If families had their favourites played on Sunday and housewives got their choice on weekdays then on Saturday mornings it was Children's Favourites. In this the fifth of nine posts recalling the years of the BBC Light Programme I remember the time when kids requested the Swedish Rhapsody and Sparky's Magic Piano.
Even if you don't know remember Children's Favourites you'll know that delightfully cheerful theme tune, Puffing Billy. But the forerunner of the show started just over a year earlier as Children's Choice and it used the Housewives' Choice theme In Party Mood until Puffing Billy was shunted in a year or so later.
Children's Choice started off as a Christmas Day 1952 request programme on the Light Programme. The host was the singer Donald Peers. Throughout 1953 it effectively ran as a Saturday morning extension of Housewives' Choice; whoever was presenting during the week covered the junior edition too. Early record favourites were The Runaway Train by Vernon Dalhart, Nellie the Elephant by Mandy Miller and Charles Penrose with The Laughing Policemen - all still instantly recognisable to Stewpot's listeners some twenty years later.
The programme had a rebrand on 2 January 1954 to become Children's Favourites. In charge of proceedings was Derek McCulloch (pictured above), better known from his Children's Hour programmes in the 1930s and 40s as Uncle Mac. McCulloch had retired from the BBC in 1950 but became the somewhat testy compère of the request show, his familiar Children's Hour sign-off of "Goodnight children...everywhere" transformed into the opening words "Hullo children...everywhere".
Uncle Mac's last edition was on 5 December 1964. By then even Children's Hour had been axed and the BBC wanted some younger blood on Children's Favourites. Perhaps this was in response to the growing competition from the pirates, even if the requests still came in for Max Bygraves singing You're A Pink Toothbrush, I'm A Blue Toothbrush.
Though McCulloch presented the lion's share of the programmes in the first eight years you could also write in to Archie Andrews and Peter Brough, Max Bygarves, Rex Palmer (Uncle Rex), John Ellison, Spike Milligan, Christopher Trace and Jim Dale. Between 1964 and 1967 you'd have heard Paddy Feeny, Michael Aspel and Leslie Crowther. And it was Crowther who took the show to Radio 1 where it became Junior Choice on 30 September 1967.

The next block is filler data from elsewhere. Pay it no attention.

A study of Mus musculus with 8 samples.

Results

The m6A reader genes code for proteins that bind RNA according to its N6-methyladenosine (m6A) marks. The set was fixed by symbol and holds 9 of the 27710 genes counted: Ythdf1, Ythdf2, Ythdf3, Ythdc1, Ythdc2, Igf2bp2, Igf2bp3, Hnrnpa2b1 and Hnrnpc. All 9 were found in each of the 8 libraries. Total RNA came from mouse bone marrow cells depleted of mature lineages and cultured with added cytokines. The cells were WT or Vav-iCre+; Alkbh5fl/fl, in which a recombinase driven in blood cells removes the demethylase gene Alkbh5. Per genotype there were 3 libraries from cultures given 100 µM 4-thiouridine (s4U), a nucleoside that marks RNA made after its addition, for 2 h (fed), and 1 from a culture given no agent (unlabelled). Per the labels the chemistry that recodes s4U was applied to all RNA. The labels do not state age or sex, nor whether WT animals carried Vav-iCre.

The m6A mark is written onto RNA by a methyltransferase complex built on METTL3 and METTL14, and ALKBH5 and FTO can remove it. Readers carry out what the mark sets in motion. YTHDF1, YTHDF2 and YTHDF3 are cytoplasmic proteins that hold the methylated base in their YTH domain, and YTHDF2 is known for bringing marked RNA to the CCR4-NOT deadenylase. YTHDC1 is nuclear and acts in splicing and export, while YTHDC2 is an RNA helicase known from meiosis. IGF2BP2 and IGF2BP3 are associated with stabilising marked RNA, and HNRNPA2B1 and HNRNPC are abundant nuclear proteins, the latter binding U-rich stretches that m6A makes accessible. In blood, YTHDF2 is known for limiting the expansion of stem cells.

From 24 October 1965 Children's Favourites added a Sunday morning edition. The Radio Times advised that this double helping - initially presented by Paddy Feeny - aimed to "satisfy the mounting number of requests (from both parents and children) which has kept this popular morning programme spinning along for eleven years". It went on to say that "children - from toddlers to teenagers - are explicit about what they like and why. Even the youngest listeners are quick to follow the trends of the new pop sounds, but there's also a constant demand for all those intriguing children's 'standards' - many of them off-beat novelty records which nudge the charts without reaching the hit parade but still delight generations of children. Among the artists who are perennial favourites are Danny Kaye, Charlie Drake, Julie Andrews, Rolf Harris, Burl Ives, Doris Day, Petula Clark, Cliff Richard and Anthony Newley." I'll leave you to provide the appropriate novelty song titles for these singers.
The early years of Children's Favourites are recalled in this 1988 Radio 4 documentary written and presented by Jeremy Nicholas: Hullo Children Everywhere. Nicholas described part of the appeal of the programme as "its thumb-sucking security, each week the same old welcome friends singing the same old welcome songs".
In this second recording it's former Junior Choice presenter Ed Stewart who recreates the days of Children's Favourites. This show was broadcast on Radio 2 on 29 July 1995 as part of the station's celebrations of the Light Programme years.